Canada's Cross-Country Comeback Kid Flies High on Rebuilt Tendon


It's not over 'til it's over. And it's not over yet for Jessica Phoenix and her talented event horse named Exploring.

When I heard that this horse had injured a tendon just before leaving for Hong Kong to compete in the Olympics last summer, I thought I had surely heard the last of him. But, lo and behold, he turned up on the entry list at Blenheim*** Horse Trials in England a few weeks ago and completed the arduous event.

This is surely a sign that he is not only back, but in world-class form. Jessica finished 24th on her horse Exponential and Exploring's 40th place completion was good enough to qualify both horses to represent Canada in the 2010 World Equestrian Games in Kentucky.

Exploring returned to competition this July, just a year after stem cell treatment to repair his damaged superficial digital flexor tendon (SDFT). At the Maui Jim Horse Trials near Chicago a flowing dressage test combined with foot perfect cross country and show jumping rounds took them to fourth place; at Wits End CIC 3* World Cup Qualifier in Ontario in August, they achieved 10th place.

Exploring, known at home as Digby, is 16.2hh, 12-year-old Thoroughbred gelding and is Jessica's top 3* horse in a string of five that she owns and rides. Purchased as a four-year-old, Exploring has steadily bounced up the grades with his determined rider. In 2007 they were members of the Canadian Pan American eventing team in Brazil before they were selected for the Canadian Olympic team in 2008, but then disaster struck.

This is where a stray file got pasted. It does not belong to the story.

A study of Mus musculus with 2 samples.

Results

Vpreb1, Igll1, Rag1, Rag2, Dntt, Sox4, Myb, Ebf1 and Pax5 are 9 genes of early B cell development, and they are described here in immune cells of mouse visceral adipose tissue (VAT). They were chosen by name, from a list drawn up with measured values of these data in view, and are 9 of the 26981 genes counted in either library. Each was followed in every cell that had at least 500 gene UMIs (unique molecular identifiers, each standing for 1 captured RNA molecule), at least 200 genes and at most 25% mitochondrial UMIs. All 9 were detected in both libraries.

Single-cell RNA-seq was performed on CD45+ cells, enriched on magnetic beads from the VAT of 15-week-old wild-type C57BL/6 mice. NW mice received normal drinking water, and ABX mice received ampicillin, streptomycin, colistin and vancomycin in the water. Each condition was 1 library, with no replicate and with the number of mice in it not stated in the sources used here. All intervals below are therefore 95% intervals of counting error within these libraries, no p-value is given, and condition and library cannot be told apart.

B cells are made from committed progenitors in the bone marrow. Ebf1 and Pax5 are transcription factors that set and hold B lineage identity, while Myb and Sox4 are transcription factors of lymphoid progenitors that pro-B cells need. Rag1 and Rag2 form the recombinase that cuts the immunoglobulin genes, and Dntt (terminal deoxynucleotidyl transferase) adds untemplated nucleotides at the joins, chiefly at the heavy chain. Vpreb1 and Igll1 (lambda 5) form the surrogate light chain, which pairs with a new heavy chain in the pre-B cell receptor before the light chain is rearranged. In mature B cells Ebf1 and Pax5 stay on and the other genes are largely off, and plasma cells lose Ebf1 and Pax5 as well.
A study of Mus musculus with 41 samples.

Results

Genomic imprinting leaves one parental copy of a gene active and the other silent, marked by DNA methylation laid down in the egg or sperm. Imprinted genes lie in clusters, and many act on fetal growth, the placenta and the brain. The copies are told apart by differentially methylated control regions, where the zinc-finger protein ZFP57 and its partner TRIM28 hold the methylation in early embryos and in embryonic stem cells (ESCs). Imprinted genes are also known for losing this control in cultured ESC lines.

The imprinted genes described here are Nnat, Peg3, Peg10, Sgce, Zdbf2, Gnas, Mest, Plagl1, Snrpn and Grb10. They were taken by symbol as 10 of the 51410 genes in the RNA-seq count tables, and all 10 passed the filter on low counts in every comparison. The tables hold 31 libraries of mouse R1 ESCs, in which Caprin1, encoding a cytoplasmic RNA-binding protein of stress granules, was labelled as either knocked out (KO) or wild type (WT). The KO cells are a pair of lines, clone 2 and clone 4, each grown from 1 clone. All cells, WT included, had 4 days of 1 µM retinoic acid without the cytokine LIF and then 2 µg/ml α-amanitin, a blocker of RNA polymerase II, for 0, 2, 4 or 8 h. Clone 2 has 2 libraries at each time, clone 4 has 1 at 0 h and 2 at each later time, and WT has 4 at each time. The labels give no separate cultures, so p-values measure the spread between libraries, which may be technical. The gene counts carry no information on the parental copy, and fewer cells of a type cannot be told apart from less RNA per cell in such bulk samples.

Jessica recalls: "Following our last gallop just before heading out to Hong Kong for the Beijing Olympics we noticed heat in Exploring's left foreleg. Our team vet, Dr Christiana Ober, promptly scanned the leg and diagnosed a classic core lesion of the SDFT. It was one of the most heartbreaking times of my life."

Dr. Ober referred Exploring to the Toronto Equine Hospital near Jessica's home for stem cell treatment.

Under the expertise of Dr Peter Vatcher, bone marrow (which is a rich source of stem cells) was taken from Exploring's sternum while he was under sedation. The stem cells were isolated and multiplied to in excess of ten million and then injected into the site of the injury. This process is licensed under the British company VetCell, and is now available for horses with leg injuries all over the world. The aim is to promote re-growth of the flexible tendon tissue rather than allow less pliable and more injury-prone scar tissue to form.

After treatment Dr. Ober monitored Digby's progress with ultrasound and oversaw his rehabilitation program which involved a slow, incremental exercise plan, culminating in a return to full flat work by the end of January 2009. Ober traveled with Jessica and Exploring to their first post-treatment events and was impressed with their performance. She said: "The leg looked super at Blenheim and we are now looking forward to him competing at the Rolex (Kentucky) 4* next spring."

Canada did not win that gold medal in Hong Kong in the show jumping by accident. They have a lot of exciting talent in all the disciplines and they are gunning for WEG. How wonderful that Exploring and Jessica will have another chance, and so soon after the injury. In "the old days" he would have been laid up much longer, and with much "iffier" results. Technology has put that horse back in the running.

Thanks to Sarah Shepherd of Bright Bay Public Relations in England for the superb photo of Jessica and Exploring at Blenheim, and for her help with this article.